WARSAW, Poland (AP) — President Barack Obama on Friday tried to channel Americans' horror and outrage over the targeted shootings of police officers, decrying the fatal attack in Dallas as "despicable" and declaring there was no justification for the violence.
"I believe that I speak for every single American when I say that we are horrified over these events, and that we stand united with the people and the police department in Dallas," Obama said early Friday. He spoke just hours after gunfire killed five officers and wounded seven others during protests over fatal police shootings of black men in Minnesota and Louisiana.
Obama noted the facts were still coming to light but "what we do know is that there has been a vicious, calculated and despicable attack on law enforcement."
The president's message was delivered at long distance as he traveled overseas for talks with NATO and European Union leaders. The distance, and the death toll, presented not-unfamiliar problems for this White House: whether to let a mass shooting upend the president's travel plans and how to participate in a moment of national grief from afar.
Late Friday, the White House announced Obama would cut his trip short by one day. He will attend meetings in Warsaw Saturday, as scheduled, before heading on to Spain, where his itinerary includes meetings with Spanish leaders and a visit with U.S. troops. He will now return to Washington on Sunday, and will visit Dallas at the request of Mayor Mike Rawlings early next week.
The White House has been loath to upend the president's plans in response to outbursts of violence. In March, Obama attended a baseball game in Cuba hours after a terrorist attack in Belgium spread fear across Europe. The president said altering his plans would have represented a concession to terrorists aiming to disrupt ordinary life.
But the Dallas attack appeared to come with complicating political layers for the president and the potential to mark a different sort of moment.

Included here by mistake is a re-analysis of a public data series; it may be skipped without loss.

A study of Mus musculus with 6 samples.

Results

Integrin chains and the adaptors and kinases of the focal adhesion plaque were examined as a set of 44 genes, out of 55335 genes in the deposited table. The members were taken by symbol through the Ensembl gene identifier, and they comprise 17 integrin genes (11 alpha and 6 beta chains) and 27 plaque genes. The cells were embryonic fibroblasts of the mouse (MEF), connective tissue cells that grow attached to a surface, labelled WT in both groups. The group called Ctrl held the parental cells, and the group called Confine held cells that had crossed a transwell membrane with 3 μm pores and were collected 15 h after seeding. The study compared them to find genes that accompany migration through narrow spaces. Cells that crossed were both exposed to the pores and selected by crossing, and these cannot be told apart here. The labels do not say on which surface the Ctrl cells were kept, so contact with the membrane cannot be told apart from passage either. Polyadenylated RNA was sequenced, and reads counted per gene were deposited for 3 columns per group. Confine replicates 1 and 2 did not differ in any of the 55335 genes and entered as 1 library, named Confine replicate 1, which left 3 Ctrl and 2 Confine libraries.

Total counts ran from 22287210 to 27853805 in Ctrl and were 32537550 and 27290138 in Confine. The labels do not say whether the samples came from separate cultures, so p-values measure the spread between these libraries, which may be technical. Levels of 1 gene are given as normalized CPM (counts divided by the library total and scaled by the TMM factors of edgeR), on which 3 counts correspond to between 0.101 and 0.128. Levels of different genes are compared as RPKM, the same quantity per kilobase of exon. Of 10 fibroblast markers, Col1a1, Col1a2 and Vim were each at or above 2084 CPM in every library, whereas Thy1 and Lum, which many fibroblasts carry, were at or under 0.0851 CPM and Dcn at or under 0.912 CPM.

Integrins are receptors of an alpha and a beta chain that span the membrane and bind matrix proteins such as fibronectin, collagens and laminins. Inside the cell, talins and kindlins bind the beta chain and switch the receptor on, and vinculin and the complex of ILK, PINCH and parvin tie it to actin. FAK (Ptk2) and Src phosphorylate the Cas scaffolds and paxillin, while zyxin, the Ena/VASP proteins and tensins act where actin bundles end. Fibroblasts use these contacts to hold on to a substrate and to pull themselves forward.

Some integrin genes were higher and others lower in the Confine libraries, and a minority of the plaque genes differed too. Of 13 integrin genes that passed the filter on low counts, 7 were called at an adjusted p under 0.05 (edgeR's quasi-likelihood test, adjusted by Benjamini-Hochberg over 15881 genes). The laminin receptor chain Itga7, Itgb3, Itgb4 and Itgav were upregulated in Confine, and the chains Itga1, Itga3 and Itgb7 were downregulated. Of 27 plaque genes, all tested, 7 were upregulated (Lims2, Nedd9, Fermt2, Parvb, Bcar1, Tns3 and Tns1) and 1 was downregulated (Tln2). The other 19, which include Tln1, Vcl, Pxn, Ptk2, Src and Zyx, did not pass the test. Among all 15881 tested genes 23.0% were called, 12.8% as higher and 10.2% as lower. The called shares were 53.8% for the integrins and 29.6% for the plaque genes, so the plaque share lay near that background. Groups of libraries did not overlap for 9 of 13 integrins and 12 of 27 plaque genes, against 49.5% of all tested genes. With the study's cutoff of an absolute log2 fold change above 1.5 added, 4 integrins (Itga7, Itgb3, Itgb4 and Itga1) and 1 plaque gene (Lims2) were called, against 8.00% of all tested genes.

Combined with the recent shootings in Orlando and the rise in so-called lone wolf terrorism, rising anxiety about public safety could mean the shooting has more enduring impact.
Obama has also aligned himself with civil rights protesters and others calling attention to racial disparities in the justice system, and he has taken some heat from those who cast the movement as anti-law enforcement. The debate has largely split along party lines and stands as a potentially potent issue in the presidential election.
Obama tried to walk a delicate balance in his remarks.
Just hours before gunfire erupted in Dallas on Thursday, the president expressed solidarity with those outraged over police shootings in Baton Rouge and suburban St. Paul. A visibly frustrated Obama urged Americans to push for local law enforcement reforms and said all Americans, regardless of race, should care about the treatment of blacks and Hispanics by police.
Obama argued there's no contradiction between supporting law enforcement and working to see that biases in the justice system are rooted out.
"So when people say 'Black Lives Matter,' that doesn't mean blue lives don't matter," he said, referring to police. "It just means all lives matter — but right now, the big concern is the fact that the data shows black folks are more vulnerable to these kinds of incidents."
But the president also expressed his gratitude to police officers.
He returned to that theme Friday morning.
"Today is a wrenching reminder of the sacrifices that they make for us," Obama said. "Today our focus is on the victims and their families. They are heartbroken. The entire city of Dallas is grieving. Police across America, which is a tight-knit family, feels this loss to their core."
Obama ordered flags flown at half-staff in honor of the victims and he spoke by phone to Rawlings, Dallas Police Chief David Brown and Attorney General Loretta Lynch. He offered his condolences and federal support to the local officials, the White House said.